Tuesday, October 30, 2018

Can I resend the query with revised pages?

After about two weeks of sending queries, I've gotten a couple personalized responses from agents who love my concept and didn't love the first chapter. So, I decided to see what the book would look like if I started the story a couple chapters later. I cut the first few chapters, and tested the new opening on a handful of betas (about 6). The response was enthusiastic.

Which brings me to my question: I still have about 15 queries outstanding, some to agents who I think would be a particular fit. Do I have to leave them alone and just hope they see something they like in the original sample, or can I follow up with the new chapter?

I obviously wouldn't bother agents who already sent a form reject, but for those still considering my work, is it bad query etiquette to say "I had an ah-ha moment! Please consider this chapter instead of the formerly-sent one."

I don't want to miss out because of an opening I don't feel any attachment to, but I also don't want to irritate agents.

Additional context: A number of the outstanding queries are requests from the #DVPit Twitter pitch contest, so I already know the concept resonates with those agents (which makes it feel more dire that I get them the best first chapter I can).

I always want to see your best work.
Therefore, I would rather have you let me know you've revised/improved, than not.

Even if I didn't feel that way, what's the worst thing that could happen here? You'd hear no twice, or more likely silence times two.

There's zero downside to letting an agent know you've revised as long as she has not already said no, nor the query window (30 days on those foul no response means no) has closed.

This does not mean you get to tinker endlessly. You get one revision here.

The revision you mention changes ALL of the pages you sent. If you are just moving words here and there, or punctuation, don't send new pages. If you're fixing mistakes like homonyms, then do.

Any questions?


Amy Johnson said...

About two weeks of querying, and you've gotten personal responses? Wow, seems you're off to a good start, OP. I hope things continue going well for you!

BrendaLynn said...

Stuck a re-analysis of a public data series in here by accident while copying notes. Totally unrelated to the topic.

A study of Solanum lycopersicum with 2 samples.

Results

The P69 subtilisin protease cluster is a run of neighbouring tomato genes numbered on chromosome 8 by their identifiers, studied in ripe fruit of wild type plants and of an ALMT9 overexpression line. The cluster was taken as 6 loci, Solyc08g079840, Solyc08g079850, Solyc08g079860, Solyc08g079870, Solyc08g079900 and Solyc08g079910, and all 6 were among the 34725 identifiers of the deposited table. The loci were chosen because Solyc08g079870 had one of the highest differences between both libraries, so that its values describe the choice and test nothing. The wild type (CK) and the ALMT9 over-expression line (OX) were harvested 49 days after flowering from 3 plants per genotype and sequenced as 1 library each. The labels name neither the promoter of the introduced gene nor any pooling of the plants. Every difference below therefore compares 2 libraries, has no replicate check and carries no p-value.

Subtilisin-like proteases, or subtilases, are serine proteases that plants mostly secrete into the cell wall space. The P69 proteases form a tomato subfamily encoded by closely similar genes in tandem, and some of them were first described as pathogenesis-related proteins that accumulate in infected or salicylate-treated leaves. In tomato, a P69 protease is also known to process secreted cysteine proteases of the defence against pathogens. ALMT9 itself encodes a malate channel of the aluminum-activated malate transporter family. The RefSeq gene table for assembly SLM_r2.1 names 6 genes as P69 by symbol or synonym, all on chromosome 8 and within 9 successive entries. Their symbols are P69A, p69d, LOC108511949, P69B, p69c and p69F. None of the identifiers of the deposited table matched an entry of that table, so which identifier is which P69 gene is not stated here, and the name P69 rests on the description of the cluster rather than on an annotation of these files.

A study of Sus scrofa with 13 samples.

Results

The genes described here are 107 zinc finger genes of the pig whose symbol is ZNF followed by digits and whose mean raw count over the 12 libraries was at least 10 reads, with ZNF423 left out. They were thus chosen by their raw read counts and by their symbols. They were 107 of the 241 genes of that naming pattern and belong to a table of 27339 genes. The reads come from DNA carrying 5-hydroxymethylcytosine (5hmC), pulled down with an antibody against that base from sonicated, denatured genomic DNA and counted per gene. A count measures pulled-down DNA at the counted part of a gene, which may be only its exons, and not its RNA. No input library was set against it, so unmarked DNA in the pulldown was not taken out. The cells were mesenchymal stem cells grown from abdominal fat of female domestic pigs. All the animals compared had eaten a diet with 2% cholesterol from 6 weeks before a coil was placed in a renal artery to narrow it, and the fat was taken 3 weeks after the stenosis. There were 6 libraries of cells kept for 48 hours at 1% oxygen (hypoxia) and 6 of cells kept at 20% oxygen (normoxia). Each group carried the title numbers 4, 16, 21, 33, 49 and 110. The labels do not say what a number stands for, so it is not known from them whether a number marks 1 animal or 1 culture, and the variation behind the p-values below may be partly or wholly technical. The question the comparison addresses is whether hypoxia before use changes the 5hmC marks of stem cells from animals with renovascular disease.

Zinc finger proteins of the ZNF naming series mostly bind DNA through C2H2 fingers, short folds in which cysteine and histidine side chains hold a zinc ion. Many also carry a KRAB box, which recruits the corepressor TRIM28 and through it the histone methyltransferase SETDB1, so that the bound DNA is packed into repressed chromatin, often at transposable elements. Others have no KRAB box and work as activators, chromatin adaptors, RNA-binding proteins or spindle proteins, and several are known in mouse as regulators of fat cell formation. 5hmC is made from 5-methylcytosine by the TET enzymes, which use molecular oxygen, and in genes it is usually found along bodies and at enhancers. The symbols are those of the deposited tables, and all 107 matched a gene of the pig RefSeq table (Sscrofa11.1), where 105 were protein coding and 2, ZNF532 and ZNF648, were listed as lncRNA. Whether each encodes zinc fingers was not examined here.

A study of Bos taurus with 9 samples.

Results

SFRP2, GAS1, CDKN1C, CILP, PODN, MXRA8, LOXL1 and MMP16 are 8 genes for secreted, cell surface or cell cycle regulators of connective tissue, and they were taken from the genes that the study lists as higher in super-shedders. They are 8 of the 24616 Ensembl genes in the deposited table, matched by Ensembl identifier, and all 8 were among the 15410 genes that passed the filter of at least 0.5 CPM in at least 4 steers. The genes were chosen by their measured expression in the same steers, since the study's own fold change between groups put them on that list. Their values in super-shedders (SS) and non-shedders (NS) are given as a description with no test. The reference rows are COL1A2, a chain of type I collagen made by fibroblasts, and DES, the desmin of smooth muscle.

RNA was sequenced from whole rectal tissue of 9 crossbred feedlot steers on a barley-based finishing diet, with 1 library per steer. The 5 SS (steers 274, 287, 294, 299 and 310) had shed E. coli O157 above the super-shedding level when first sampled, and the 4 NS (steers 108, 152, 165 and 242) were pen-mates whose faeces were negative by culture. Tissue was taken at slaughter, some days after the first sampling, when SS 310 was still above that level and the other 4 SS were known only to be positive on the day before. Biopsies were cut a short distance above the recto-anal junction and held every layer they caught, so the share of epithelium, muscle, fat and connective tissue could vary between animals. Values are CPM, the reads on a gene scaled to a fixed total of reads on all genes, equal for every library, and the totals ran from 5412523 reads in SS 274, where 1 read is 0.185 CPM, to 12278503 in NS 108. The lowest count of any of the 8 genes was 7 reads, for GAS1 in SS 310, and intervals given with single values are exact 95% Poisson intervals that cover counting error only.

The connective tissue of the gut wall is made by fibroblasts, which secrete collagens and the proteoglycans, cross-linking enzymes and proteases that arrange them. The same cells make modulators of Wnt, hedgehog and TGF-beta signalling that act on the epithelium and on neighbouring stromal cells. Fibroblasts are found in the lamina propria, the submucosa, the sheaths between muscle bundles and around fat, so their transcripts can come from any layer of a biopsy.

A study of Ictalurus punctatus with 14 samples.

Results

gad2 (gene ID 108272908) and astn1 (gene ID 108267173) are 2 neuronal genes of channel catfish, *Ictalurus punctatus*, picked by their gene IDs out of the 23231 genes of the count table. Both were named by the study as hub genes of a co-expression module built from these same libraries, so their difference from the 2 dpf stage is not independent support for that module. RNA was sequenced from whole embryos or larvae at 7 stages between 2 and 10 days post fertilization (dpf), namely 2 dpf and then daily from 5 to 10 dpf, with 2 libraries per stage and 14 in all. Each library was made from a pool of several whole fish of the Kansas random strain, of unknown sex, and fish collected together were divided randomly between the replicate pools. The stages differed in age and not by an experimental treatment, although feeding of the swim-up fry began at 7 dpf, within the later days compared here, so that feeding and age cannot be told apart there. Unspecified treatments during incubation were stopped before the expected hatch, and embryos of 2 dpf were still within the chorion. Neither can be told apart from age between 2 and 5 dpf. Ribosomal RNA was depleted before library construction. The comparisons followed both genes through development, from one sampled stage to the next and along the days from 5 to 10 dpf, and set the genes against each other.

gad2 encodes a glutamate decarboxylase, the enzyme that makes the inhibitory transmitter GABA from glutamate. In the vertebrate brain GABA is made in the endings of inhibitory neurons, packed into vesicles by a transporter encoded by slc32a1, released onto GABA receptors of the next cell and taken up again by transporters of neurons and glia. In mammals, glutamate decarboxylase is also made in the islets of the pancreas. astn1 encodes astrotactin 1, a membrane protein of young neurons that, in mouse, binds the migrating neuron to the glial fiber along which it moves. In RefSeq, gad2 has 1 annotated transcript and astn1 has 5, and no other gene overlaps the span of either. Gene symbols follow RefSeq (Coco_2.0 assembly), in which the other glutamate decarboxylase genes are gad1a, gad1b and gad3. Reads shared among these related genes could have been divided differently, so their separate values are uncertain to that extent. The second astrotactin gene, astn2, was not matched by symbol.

Good luck on the queries OP. You and I may be writers with the same issue, namely stamping ‘The End’ on the book.
I recently attended a conference wherein a panel speaker was asked, “How do you know when your book is ready to be published?”
Her answer? “You don’t.”
Every revision I’ve written to date has been THE ONE in my mind. Given that I’m a rank green-apple-two-step author, and given that, at some point, my characters will rebel, I’m still hoping to eventually put my last book to bed.
Will I ever get enough experience to recognize finished when I see it?
Did Charlotte gasp from her deathbed the pithy comment that she should have had Heathcliff say?
Did Will later regret not having given Ophelia swimming lessons?
Did Dr. Suess wake up one morning, smack his forehead, and say, “Of course, it’s green eggs and JAM.”
I’m moving on to the next book out of a need to escape my previous characters as much as a need to write the new ones. If I ignore them for long enough maybe they’ll shut up and go home. I can only hope.

BrendaLynn said...

Make that Emily. See? I can’t even leave a post alone.

Theresa said...

I'm intrigued by the issue in OP's query, which Janet referenced by describing "best work": how do you know where the story starts?

John Davis Frain said...

BrendaLynn, you're cracking me up. That's how editing goes. How do you know when a comment is finished? When you hit Send, I guess. Alas, sometimes it's still not even finished after you hit the send bu

John Davis Frain said...


Okay, it's actually a "Publish Your Comment" button.


E.M. Goldsmith said...

I know how you feel, OP. Good luck. Send your best work forward. I think most agents don't mind. I am anxious about revisiting the query trenches as I am finishing up the last hamster wheel spinning torment over my book. I think I am overthinking the whole get the book perfect thing.

I have recently realized getting the book "perfect" is impossible. With every revision, it gets better and better but it's never exactly right. Not really. And if you keep waiting for the book to be perfect, it never goes out into the trenches. So maybe it is better, OP, that you got into the trenches before you realized you needed a tweak here and there. At least you are out there. Because until you send you book forth into those dread trenches, you can't get an agent and a book deal. And that's a long shot even if you're books the cat's freaking meow because if the Duchess of Yowl is in one of her moods, the agent will pass just the same. Good luck.

RachelErin said...

Green eggs and jam! I love toast and jam with scrambled eggs on top. Thanks for the laugh.